Terra Madre—Salone del Gusto

October 25-29, 2012

 

by Margarita Ramirez, Slow Food Sonoma Valley


Attending Terra MadreSalone del Gusto in Turino, Italy, will forever be a highlight of my travel experiences. I was one of five slow food members from Sonoma attending.  I arrived in Turino nearly five weeks after leading two group tours throughout Tuscany and Umbria. After experiencing the generous hospitality of my Italian guides, chefs and artisans, and visiting biodynamic wineries, olive and cheese producers, nothing could have prepared me for the explosion of the biggest gastronomy and food event in the world. The conference honoring the peoples and foods from around the globe provided an even greater demonstration of passion and commitment to cultures and traditions existing in Italy and around the globe.


The
energy and genuine fervor of the exhibitors drew us innot so much to buy their products, but to be part of their passion and conversations, if you were willing to linger and listen regardless of whether we understood Italian. The pride demonstrated in their products, from the small grower to the larger producer, was a testimony that food can change the way we eat.


I participated in several workshops and learned first hand how harmonious integration of land, animals and people can produce food of the highest nutritional value. The hundreds of workshops offered from exploring the ABCs of coffee; to vertical tasting of wines from around the world; to experiencing a five-star menu of Chocolate, Oysters and Champagne (all sourced from slow food producers) gave us more than enough to feel grateful for the abundance of food sources. I sampled many foods I did not even know existed.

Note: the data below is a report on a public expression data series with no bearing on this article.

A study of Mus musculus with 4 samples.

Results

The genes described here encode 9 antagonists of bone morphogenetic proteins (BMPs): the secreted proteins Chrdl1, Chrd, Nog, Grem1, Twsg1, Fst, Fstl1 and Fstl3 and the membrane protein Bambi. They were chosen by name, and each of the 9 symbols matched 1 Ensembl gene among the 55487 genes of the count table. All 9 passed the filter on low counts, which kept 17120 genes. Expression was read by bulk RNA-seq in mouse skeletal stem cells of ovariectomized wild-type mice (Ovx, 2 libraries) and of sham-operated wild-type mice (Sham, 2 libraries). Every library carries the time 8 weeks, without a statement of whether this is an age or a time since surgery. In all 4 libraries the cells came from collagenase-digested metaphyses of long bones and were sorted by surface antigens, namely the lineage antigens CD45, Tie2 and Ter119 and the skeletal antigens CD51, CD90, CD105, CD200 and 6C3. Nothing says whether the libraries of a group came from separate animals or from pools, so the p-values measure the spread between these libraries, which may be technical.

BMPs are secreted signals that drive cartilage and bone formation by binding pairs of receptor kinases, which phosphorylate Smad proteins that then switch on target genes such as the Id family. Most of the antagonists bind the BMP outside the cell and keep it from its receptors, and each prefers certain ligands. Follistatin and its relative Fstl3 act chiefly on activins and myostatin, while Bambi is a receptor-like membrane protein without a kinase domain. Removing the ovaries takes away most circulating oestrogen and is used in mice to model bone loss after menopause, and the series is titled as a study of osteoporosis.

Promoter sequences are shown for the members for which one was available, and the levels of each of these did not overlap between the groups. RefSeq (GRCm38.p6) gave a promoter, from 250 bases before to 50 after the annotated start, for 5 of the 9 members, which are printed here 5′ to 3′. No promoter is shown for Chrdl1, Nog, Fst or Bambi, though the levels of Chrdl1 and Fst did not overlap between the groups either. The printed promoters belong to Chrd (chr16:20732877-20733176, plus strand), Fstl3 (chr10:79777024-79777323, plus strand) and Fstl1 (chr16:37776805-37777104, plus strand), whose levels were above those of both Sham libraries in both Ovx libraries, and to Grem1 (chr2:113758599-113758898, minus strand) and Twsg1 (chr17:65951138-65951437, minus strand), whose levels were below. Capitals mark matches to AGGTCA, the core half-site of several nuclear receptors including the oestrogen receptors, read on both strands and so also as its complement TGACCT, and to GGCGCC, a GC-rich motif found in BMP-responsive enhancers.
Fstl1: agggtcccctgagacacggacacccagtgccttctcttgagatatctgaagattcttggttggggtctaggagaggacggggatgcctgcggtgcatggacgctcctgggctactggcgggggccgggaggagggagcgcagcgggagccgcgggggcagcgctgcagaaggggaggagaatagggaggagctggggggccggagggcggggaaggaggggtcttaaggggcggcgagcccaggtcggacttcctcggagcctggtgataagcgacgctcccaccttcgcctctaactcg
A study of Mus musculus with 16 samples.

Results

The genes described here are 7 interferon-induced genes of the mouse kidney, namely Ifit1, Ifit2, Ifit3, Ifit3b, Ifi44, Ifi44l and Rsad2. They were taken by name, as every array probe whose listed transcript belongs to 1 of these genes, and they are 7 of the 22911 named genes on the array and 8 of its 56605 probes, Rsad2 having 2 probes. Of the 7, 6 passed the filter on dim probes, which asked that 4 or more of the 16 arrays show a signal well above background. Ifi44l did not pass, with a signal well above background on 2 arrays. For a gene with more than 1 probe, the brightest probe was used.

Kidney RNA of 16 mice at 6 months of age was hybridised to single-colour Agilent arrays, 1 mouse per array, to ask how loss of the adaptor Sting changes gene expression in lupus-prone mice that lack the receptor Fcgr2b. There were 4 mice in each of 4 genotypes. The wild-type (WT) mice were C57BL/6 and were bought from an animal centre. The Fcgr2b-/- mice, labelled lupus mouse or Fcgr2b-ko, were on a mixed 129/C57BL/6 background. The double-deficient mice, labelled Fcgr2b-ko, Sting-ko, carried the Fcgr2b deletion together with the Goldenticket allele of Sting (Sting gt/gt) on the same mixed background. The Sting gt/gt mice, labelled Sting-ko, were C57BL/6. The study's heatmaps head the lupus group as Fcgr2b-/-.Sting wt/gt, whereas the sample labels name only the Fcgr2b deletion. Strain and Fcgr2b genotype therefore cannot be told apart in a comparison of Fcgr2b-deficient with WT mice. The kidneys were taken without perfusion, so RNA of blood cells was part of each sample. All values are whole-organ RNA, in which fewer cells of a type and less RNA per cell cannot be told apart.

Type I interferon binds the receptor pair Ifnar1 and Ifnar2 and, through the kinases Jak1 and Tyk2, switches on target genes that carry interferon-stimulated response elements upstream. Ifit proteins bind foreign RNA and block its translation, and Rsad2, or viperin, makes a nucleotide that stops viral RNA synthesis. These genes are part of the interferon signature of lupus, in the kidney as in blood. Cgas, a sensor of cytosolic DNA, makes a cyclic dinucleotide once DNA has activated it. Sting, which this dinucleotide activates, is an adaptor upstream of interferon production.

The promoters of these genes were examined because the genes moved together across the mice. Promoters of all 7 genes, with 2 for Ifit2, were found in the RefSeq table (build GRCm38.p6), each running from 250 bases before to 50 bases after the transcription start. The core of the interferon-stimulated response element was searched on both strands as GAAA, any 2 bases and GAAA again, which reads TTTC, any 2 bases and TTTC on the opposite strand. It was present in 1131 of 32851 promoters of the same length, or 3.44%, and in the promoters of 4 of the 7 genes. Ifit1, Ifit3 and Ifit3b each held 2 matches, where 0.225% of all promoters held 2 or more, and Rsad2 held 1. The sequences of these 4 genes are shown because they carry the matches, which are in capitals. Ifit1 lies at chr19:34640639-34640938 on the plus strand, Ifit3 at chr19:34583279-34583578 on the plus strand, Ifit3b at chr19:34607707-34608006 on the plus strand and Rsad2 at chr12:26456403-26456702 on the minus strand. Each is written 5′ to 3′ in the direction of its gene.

At the heart of the conference was education and none other than the founder, Carlo Petrini, who had the original vision for it all. His newest project, 1,000 gardens in Africa, engages young people of Africa and encourages them to be self-sufficient. It is an example of the responsibility we have to assist other countries toward food sustainability.


What leaves
a lasting impression is the generous spirit and passion of the Italians for continuing to organize this conference every two years, bringing together world communities that are stewarding food for the future. I salute farmers and consumers   who are taking an active role in protecting and preserving cultures and traditional foods.


I will forever be grateful for attending Terra Madre and for the impact it has left in my heart and soul for the global mission of Slow Food and the work we all have ahead of us. Our job is to find the way in our fast world to live simply, enjoying one bite at a time.  This is food for thought.